Will 'cannabis lounges' pop up if marijuana is legalized?
Washington voters are weighing whether to become the first state to legalize marijuana. All this week in our series "If it’s legal: Five ways legal pot could affect your life," KPLU reporters have been imagining what the future could look like if it passes. Today, we check out the night-life scene, which could include a new version of BYOB – Bring Your Own Brownie.
Say we fast-forward into the future. The legalization measure has just gone into effect. Where will people use marijuana? Will the guy you pass walking his dog be smoking a joint? Will you see people at a bar sharing their pot brownies?
To find people who have been trying to imagine this, I went to an event almost like a marijuana trade fair put on by the magazine High Times. Folks were hawking their wares – everything from drug-infused candies to smoking devices.
It’s hard to mistake the smell as you walk up to the Medical Cannabis Cup put on in Seattle’s Fremont neighborhood in September. Medical marijuana growers are competing for awards for the best weed. There’s an outdoor area where medical marijuana patients are allowed to smoke. The atmosphere is more county fair than doctor’s office.
Kevin Griffin is one of the co-founders of a Seattle-based medical marijuana collective, West Coast Wellness. He has a booth with marijuana cotton candy and jolly enhancers – a pot version of the jolly rancher candy.
"We have everything from watermelon, fruit punch, kiwi, lime, banana, lemon lime," Griffin said.
Tim Mains sells his cannabis mints and tinctures in 16 medical marijuana collectives. He sees state legalization as a business opportunity. I asked him if he'd sell his mints and tinctures in the state-run stores, if the measure passes.
"Yes, absolutely," Mains said. "You would see the product in the state-run stores, for sure. That’s why we created this brand - we created it to mass produce it."
He launched his brand, Mary Jane Mints, this past summer. He has bigger plans if the initiative passes. Mains imagines creating a coffee shop that also sells marijuana edibles.
"I think once it becomes legal - in fact I’m already looking into it - is creating a storefront where people can actually buy medicated food. Then also get coffees, pastries that aren’t medicated like a normal store would be but just more of a relaxed vibe in there, almost like a cannabis lounge," Mains said.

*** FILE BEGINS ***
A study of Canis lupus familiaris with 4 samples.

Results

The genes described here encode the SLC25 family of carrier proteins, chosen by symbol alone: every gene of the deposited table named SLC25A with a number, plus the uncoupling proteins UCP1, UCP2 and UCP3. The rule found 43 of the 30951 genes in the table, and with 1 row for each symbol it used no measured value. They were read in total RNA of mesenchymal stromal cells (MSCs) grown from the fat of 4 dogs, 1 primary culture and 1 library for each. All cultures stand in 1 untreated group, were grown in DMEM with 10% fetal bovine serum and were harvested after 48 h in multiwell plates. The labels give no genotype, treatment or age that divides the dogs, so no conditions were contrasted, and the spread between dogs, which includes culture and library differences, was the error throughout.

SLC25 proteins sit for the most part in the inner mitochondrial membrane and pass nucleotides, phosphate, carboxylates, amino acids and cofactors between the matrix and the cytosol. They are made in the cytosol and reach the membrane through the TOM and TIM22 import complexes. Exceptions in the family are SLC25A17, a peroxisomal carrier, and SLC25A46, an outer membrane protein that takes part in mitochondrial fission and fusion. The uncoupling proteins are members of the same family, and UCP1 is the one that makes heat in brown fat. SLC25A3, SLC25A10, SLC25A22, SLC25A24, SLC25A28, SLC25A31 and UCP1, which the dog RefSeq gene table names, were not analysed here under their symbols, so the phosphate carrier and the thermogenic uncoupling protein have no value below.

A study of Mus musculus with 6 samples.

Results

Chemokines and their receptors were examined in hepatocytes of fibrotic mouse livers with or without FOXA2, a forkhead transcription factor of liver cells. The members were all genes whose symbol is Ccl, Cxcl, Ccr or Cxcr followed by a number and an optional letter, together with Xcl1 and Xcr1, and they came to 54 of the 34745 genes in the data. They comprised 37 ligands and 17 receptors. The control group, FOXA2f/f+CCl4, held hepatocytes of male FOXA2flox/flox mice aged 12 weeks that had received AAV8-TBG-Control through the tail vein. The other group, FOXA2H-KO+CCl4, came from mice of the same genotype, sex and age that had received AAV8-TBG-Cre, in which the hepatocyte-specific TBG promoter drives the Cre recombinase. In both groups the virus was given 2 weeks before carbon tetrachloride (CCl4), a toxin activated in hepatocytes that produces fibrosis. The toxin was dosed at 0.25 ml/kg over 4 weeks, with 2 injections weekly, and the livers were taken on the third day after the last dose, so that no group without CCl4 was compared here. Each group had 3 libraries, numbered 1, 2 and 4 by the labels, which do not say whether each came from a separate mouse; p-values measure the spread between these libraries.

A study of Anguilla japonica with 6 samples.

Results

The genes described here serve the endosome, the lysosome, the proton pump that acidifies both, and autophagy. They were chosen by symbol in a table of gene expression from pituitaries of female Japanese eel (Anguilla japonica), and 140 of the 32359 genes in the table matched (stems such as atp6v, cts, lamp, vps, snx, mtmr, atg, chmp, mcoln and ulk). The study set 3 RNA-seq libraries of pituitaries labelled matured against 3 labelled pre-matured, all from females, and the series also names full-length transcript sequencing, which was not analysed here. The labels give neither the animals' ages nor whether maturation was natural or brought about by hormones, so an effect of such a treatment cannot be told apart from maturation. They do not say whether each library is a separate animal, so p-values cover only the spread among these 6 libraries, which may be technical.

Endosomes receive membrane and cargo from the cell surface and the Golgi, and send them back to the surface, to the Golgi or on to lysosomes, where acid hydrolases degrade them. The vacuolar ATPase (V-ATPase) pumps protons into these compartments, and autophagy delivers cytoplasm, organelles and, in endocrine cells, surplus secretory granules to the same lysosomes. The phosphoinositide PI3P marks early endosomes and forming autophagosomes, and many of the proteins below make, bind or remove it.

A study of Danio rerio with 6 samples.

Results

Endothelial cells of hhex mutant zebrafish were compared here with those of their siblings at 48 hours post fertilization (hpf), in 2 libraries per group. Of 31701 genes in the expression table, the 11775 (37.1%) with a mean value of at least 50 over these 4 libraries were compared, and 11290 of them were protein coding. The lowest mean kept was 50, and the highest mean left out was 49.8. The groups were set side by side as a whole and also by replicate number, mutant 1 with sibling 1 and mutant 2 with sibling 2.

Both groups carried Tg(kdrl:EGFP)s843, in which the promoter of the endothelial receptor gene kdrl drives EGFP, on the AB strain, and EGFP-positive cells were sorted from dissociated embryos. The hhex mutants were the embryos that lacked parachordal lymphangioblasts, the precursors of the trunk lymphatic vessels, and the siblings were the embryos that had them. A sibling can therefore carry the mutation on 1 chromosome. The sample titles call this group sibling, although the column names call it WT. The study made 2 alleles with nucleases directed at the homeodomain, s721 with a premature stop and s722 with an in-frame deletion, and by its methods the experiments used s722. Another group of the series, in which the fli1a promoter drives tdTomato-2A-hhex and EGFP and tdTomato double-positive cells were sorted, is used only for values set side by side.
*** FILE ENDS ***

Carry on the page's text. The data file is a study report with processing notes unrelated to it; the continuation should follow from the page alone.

The kind of cannabis lounge Mains is dreaming of may be impossible. The language of Initiative 502 stands in the way.
Attorney Alison Holcomb of New Approach Washington drafted much of the initiative. She says they made a conscious decision to avoid Amsterdam-style marijuana cafes after doing research on what kind of system would be most palatable to voters.
"There was less support for the notion of places you could consume marijuana on site – or you could purchase it there and consume it on site – than there was for being able to purchase small quantities of marijuana and take it somewhere private," Holcomb said.
No Amsterdam-style cafes
So the initiative says marijuana would only be sold in state-licensed stand-alone stores – similar to the state-run liquor stores that existed up until this year.
You won’t be able to buy it in a bar. Could you use it there if you brought your own? You wouldn’t be able to smoke it because of indoor smoking laws, but what about edibles, like marijuana bon bons, that have no smell?
The initiative also says you can’t use marijuana in view of the general public. Defining what that means is tricky, even for Holcomb.
"I think that that means that not only can you not be smoking a joint as you’re walking down the sidewalk, but it probably also means you can’t sit down in a restaurant and take out a big bag of obviously marked pot brownies and start eating them," Holcomb said.
No toking at baseball games
She says a bar could risk losing its liquor license. Could you use marijuana at a Mariners game? Nope, that’s still considered in view of the general public. How about at the beach? Nope, same thing.
People might ignore the rules and still get high in public because the penalty is so light. The initiative treats public use like a $50 traffic ticket. And enforcement may vary. Already in Seattle and Tacoma, police are relatively hands off.
Perhaps that’s why organizers of the Medical Cannabis Cup felt safe to host the event in Seattle.
Medicating area - or potfest?
At one of the booths there, a man and a woman simultaneously inhale from vaporizers called trippy sticks. Then they blow out the smoke, competing to see who can make the biggest cloud.
As much as the organizers say this is an area for medical use, this is a party. So much so that two tourists from Long Island, New York, have traveled to Seattle just for this. I asked one of them, named Joe, what he was most surprised by.
"The freedom. Everybody’s out here with weed. You turn around the corner, you smell the weed," he said. "If we were around our way like this, there would be a million police over here."
Tim Mains, who makes marijuana mints, says he thinks if the initiative passes, there will be more events like this – for everyone, not just for medical users. In fact, he thinks a whole new industry will crop up.
"You’re going to see an influx of businesses, entrepreneurs – we actually call ourselves ganjapreneuers - so you’re going to see an influx of people just looking to make some money," Mains said.
There will be people, like Mains, who want to create social venues where marijuana can be used in public. Users may test the boundaries, too. That could mean the crowd of people next to you at a bar may be enjoying something more than a glass of cabernet.